Walt Disney Company CEO Bob Iger played a game of show, not tell, to kick off Vanity Fair’s New Establishment Summit in Los Angeles on Tuesday.

Iger, having an atypically visible week following his Time magazine cover drop, sat for the first conversation of a two-day leadership conference hosted by the magazine — a wide-ranging chat that focused more on his morning routine and “Lion King” footage than Disney’s tremendous task of ingesting Fox’s film and TV assets.

“I’ve worked for some folks over the years, and I’ve studied others like Walt Disney and Steve Jobs who believed ‘no risk, no reward,'” Iger told historian Doris Kearns Goodwin when asked if he “walks around the carpet at night” worrying about his decision-making.

As a clear picture of Fox-under-Disney leadership emerges, and an inevitable avalanche of layoffs and paradigm shifts loom, the 67-year-old CEO focused instead on the legacy of Disney as a storyteller.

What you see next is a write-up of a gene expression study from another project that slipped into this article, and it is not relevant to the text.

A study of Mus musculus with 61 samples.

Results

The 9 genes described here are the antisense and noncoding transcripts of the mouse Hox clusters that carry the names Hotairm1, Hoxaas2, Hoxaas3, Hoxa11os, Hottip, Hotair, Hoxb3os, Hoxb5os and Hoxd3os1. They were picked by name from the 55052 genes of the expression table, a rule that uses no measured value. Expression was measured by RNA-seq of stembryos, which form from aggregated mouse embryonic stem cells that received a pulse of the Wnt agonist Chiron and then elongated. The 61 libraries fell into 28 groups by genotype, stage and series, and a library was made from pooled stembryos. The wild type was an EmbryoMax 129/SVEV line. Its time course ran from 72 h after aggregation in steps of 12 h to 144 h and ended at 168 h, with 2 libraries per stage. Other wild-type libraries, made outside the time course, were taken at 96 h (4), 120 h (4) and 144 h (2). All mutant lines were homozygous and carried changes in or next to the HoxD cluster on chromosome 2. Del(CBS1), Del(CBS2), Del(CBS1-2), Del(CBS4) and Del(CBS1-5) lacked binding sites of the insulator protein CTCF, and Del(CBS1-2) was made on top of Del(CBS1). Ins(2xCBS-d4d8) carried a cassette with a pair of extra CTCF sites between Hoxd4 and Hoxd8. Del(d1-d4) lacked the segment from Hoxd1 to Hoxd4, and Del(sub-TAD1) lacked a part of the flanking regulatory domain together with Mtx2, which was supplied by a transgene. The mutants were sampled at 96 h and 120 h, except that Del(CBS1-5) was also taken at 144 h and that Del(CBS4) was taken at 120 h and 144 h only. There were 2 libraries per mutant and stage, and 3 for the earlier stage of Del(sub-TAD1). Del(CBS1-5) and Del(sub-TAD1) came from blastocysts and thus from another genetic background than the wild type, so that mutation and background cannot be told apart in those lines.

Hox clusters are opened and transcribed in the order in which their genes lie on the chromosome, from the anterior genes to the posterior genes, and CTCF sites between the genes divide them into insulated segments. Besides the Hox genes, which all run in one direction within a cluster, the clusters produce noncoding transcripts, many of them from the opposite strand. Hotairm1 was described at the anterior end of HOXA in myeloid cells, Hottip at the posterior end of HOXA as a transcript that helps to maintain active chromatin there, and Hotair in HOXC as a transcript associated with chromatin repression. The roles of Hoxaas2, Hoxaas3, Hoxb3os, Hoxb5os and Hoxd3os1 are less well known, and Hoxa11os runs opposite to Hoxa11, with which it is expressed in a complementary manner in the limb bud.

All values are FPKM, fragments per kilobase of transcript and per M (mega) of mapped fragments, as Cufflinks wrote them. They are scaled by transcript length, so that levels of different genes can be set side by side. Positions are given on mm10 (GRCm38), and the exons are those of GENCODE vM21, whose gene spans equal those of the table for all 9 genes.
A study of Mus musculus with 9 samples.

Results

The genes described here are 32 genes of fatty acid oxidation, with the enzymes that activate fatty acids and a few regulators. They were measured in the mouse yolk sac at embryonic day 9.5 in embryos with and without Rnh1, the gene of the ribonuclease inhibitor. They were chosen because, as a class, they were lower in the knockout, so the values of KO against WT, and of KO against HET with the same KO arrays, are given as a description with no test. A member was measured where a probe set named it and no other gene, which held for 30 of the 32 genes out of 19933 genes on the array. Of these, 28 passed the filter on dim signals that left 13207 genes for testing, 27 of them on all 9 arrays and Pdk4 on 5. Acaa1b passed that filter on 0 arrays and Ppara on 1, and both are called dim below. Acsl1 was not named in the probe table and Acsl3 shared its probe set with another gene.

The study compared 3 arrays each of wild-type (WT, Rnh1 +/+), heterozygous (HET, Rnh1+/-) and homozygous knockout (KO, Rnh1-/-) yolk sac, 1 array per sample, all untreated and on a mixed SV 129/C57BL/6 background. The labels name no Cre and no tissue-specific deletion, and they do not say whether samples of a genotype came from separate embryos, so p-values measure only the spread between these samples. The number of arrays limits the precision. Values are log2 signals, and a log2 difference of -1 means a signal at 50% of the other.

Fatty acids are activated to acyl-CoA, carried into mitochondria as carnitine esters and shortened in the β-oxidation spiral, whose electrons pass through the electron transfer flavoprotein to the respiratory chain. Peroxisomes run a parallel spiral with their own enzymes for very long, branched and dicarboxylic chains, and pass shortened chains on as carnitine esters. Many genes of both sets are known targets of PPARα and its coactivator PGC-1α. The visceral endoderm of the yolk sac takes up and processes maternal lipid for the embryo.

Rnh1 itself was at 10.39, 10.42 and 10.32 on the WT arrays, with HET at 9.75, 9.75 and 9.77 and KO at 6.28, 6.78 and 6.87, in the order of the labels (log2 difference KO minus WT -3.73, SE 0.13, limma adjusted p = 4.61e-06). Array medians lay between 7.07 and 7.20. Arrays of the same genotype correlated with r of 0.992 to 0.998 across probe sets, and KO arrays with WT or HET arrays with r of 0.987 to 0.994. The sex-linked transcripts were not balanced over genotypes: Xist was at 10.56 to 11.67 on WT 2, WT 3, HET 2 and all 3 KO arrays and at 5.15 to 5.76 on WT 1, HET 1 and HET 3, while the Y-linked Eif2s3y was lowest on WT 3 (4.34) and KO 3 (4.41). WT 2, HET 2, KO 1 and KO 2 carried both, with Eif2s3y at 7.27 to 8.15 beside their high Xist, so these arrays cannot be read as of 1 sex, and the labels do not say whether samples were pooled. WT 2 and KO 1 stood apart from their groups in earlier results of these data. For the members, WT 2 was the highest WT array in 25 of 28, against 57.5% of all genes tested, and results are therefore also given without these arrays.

“One thing in studying Walt, he really believed in what he was doing,” Iger told Goodwin. “It takes the event of risk off the table.”

He then turned the tables on the historian and author (“Leadership in Turbulent Times”), who is so affectionate with the clubhouse of U.S. presidents that she referred to the leaders as “my guys.”

Seeming to reference the events surrounding the confirmation of Supreme Court Justice Brett Kavanaugh, Iger said we’ve been watching “an endless march toward polarization in our country. In the last two weeks, that polarization is complete.”

Goodwin said both leadership and the citizenry needed to “not accept that what we’re seeing is the norm. [A culture of] alternative facts, untruth, lies. To not accept that that’s a healthy political system.”

Talk shifted to Iger’s habits (4:15 a.m. wake-up time, no screens or reading before his workout) and thoughts about his own retirement.

“I have not obsessed about my legacy. I have been given this wonderful opportunity,” he said, recalling watching Mickey Mouse on a black-and-white TV set as a child.

“I inherited, or was handed, this storied company that was a quintessential 20th century company,” said Iger, whose focus now is “turning it into a real 21st century company to shine bright in a new world.”